Saturday, February 21, 2009

"work and bed-clothes"

Another day spent drifting through the house: from book to book, from bed to bed to this chair, from movies to naps. I take down books from the shelves almost at random. The books already piled on my sickbed no longer satisfy. I can't be bothered with Bronte's artful neuroticism, or Chaucer's spelling. Heine's bonhomie does not suit my mood at all. What's wanted is something sharp, something curt and bracing and... French.

And down comes Henry Millon de Montherlant (20 April 1896 – September 21, 1972.) Henry was a closeted French essayist, novelist and one of the leading French dramatists of the twentieth century. He was also, from what I've been able to glean from what I've read, something of a shit. His The Girls: A Tetralogy of Novels, translated by the great Terence Kilmartin, was an experience I will never forget. It is a frankly wicked book; ruthlessly misogynist, ridiculously mean spirited,"for and against everyone." I read it, what? twenty, twenty five years ago? and I can still remember thrilling to Costals, the hero, as he says the most outrageously egotistical nonsense, raging at his women, insisting that he needs nothing, no one. “Most affections are habits or duties we lack the courage to end.” It all seemed terribly brave and shocking.

Later I read some of his more frankly homoerotic, pederastic fiction and, if anything, found it even more curdled with self loathing and self justification. What wonderful stuff! I say that without irony. He was a marvelous writer, even in translation, and his reputation in France seems to be undimmed. I can think of very few men with whom I might have less in common philosophically, morally, or politically. I don't know that that he was quite as loathsome in his personal life as he appears in his fiction, but it really doesn't much matter if he was. Reading him I was empowered by his disdain, his refusal to compromise, his great command of language and argument, his aristocratic elan.

But I'm older now, and don't spend much time in the company of writers I find personally disagreeable. When one is young, bad men are best met in their books. One can walk in their company without corruption, and imagine one's self as the object of their attentions, be the beneficiary of their experience and cynicism, without having to actually go down of the nasty old buggers. Now I fear I would find the whole experience, even in a book, embarrassingly sad rather than romantic and delinquent.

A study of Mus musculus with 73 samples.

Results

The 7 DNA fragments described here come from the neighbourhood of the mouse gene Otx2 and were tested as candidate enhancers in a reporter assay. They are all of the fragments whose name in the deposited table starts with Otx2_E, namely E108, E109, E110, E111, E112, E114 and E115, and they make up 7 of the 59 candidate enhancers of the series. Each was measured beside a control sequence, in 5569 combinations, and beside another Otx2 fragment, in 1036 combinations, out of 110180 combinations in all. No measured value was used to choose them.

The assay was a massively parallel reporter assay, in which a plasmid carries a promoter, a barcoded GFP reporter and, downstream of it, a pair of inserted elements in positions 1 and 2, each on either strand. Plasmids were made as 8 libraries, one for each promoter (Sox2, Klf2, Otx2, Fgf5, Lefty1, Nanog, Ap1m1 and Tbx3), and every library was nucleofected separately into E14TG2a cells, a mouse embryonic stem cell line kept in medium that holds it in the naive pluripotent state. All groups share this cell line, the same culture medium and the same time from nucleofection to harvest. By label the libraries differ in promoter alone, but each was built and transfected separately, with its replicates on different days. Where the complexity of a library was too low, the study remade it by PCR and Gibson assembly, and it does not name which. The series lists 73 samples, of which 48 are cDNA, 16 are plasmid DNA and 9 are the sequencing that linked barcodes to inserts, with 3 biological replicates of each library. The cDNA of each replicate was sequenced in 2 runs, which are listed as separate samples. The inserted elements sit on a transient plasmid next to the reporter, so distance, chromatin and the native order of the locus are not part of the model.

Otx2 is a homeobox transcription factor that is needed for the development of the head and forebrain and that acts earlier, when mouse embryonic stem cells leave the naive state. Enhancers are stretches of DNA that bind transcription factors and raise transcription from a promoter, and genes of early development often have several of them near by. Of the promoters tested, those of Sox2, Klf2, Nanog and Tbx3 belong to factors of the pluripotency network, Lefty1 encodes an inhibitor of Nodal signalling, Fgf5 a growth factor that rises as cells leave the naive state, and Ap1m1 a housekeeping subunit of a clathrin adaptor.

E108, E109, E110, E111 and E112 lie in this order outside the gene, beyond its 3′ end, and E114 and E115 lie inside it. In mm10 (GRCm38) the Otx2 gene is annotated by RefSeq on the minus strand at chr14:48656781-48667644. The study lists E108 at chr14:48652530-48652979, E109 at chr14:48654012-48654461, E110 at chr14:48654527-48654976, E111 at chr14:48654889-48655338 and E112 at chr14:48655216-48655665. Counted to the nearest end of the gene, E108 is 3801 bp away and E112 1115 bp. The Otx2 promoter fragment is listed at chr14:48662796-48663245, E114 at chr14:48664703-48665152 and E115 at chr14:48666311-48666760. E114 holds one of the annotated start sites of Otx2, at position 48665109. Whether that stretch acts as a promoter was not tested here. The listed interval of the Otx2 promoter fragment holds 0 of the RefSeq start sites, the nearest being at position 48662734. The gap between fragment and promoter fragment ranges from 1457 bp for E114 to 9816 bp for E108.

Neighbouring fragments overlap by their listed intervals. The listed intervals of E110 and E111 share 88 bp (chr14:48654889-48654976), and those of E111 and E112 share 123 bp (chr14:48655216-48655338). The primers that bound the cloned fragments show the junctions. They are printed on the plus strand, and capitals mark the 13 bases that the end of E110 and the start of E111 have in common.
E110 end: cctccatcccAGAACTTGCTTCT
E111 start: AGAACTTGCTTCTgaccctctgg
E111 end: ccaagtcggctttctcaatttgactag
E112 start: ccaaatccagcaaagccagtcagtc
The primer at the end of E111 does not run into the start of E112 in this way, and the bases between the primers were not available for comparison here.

(One marvels at the French for their great respect for the language and it's great practitioners. When Montherlant was an old party, cruising for underage boys, refusing interviews and to have his photograph taken for fear he'd be recognized, and presumably be blackmailed or have to pay more than the going rate for boy-whores, the gendarmes looked away. Henry still got kicked to pieces once, losing the sight in one eye, a few years before he took cyanide and a bullet at his desk. )

So, being in a foul mood tonight, feeling achy and ugly and old, I first reach for The Bachelors, but think better of committing to any long spell in the old reprobate's company, and instead I take up his Selected Essays, edited by Peter Quennell, and read "Work." And it is a wonderful thing and much gentler than I remember Montherlant being, perhaps because it's made up mainly of his conversations with working-class boys. I chose it because I'm missing my own work at the bookstore. In the essay I'm informed just how shocking it is to the aristocrat's sensibility to find working and middle-class children enthusiastic to take up a common trade. He finds the idea touching, but also depressing, even mystifying. It suggests a failure of imagination, a lack of inner resources, a tragedy. He's encouraged to see at least one boy without a badge in his buttonhole, uncommitted to any dreary future. (I'll just bet he was.) He quotes the boy: "When you're working, you're not miserable." and then adds parenthetically, "(What a definition of happiness!)" Ah, "the tragedy of the proletariat." Later, the essayist approvingly quotes "a poor Marsielles prostitute" who once suggested an alternative remedy for unhappiness: "You forget your poverty under the bed-clothes." (Motherlant seems not to notice the irony of suggesting a prostitute at rest in her bed, or perhaps he's just too subtle for me.) He ends on a weary sigh, quoting Gobineau (a truly vile man, the father of master-racism): "There is work, then love, and after that nothing..."

And here I was, pining to price books and chat with customers. I'm thoroughly ashamed of myself. Thanks, Henry, old darling, what was I thinking?

And now I think I'll just scuttle back into my sickbed and return to the road to Canterbury, and the company of the decent and and only mildly indecent English.